An increasing number of homeowners are remodeling for energy efficiency, according to the 2013 American Housing Survey (AHS), released by the Census in October.

Nearly a quarter (23.49) of all owner-occupied units that made a home improvement within the two years leading up to the survey completed at least one energy-efficiency project—a total of 7,142,000 projects. This represents 9.44 percent of all owner-occupied units in the nation. Of that total, 32,000 were in homes constructed within the last four years.

At the regional level, 2,245,000 homeowners made an energy-efficiency improvement in the South, more than any other region. The survey also found the bulk of energy efficiency projects take place within the metro area, but not the center city. The suburbs make up the bulk of owner-occupied units that made an energy efficiency improvement.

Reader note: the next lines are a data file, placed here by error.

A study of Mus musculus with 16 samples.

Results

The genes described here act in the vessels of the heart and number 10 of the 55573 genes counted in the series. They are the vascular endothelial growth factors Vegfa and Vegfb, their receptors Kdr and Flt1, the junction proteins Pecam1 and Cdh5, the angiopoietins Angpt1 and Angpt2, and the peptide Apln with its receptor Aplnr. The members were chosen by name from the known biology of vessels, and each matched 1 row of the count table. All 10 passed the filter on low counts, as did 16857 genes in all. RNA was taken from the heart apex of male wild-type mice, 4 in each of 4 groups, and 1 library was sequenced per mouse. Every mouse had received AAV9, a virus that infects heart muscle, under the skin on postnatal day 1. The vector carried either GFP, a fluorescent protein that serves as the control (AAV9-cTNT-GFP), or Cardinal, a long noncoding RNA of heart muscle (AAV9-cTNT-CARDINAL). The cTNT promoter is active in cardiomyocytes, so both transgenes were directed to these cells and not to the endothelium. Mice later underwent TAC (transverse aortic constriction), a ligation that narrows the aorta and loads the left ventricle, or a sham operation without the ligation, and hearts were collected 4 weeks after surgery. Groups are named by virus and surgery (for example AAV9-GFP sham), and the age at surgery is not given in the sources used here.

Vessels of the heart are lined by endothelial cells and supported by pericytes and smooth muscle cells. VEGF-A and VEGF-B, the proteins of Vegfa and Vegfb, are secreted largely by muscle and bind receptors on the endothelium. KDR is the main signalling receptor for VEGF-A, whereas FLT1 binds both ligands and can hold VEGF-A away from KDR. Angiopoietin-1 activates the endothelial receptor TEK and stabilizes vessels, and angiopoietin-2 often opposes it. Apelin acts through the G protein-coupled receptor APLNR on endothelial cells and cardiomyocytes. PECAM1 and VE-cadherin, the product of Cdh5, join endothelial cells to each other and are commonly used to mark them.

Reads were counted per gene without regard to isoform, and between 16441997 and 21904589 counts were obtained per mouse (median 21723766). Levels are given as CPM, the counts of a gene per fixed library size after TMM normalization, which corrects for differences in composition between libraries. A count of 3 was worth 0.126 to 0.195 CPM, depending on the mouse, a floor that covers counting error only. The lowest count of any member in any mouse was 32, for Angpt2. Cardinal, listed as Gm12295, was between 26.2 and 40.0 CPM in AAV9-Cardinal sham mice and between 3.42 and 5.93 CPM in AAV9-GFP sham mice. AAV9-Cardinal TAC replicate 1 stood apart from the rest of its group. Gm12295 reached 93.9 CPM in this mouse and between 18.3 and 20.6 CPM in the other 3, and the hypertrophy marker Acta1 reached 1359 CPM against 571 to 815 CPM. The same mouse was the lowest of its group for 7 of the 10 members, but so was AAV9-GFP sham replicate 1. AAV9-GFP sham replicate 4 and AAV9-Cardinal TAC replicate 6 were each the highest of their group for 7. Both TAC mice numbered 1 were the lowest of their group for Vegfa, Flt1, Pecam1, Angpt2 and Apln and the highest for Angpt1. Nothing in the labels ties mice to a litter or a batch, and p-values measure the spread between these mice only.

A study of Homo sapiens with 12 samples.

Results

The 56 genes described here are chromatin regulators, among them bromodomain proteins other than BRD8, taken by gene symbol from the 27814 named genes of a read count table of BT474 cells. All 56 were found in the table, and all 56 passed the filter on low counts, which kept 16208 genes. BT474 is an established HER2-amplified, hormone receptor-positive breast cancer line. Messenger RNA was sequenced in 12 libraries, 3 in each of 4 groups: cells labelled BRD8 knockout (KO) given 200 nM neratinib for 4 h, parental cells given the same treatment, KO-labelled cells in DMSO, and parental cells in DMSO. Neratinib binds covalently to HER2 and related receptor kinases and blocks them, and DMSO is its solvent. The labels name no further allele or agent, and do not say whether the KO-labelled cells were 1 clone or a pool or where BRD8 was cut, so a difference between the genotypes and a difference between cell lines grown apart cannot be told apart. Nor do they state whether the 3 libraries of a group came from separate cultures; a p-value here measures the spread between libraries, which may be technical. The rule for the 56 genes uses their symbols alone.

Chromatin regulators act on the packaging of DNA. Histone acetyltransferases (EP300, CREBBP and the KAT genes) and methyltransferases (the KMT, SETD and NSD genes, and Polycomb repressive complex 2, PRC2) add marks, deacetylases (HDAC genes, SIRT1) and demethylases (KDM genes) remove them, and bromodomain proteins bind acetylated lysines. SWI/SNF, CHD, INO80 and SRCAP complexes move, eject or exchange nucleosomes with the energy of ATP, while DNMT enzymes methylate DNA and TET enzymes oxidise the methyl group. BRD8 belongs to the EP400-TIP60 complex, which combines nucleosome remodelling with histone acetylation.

The Survey includes any project the homeowner identifies as having been completed for the purpose of energy efficiency. Jobs could therefore fall anywhere on a wide range of size and cost, from replacing a window to changing the source of electricity.

Nearly 25 percent of owner-occupied units that made energy-efficiency improvements received federal or state tax credits or financial incentives from the utility company for the project. Yet, more than 5 million homeowners completed projects without financial incentive or tax credit, demonstrating utility cost reduction was enough incentive. Here, again, is a breakdown of where homeowners had financial incentives or tax credits. Regionally, incentives are dispersed pretty evenly.

More than 30 million homeowners remodeled within two years of the 2013 AHS had no energy-efficiency component. But the millions of homeowners who did make efficiency part of their home improvements, and the thousands who made such improvements to newer homes, show that homeowners are indeed interested in efficiency, despite the upfront costs.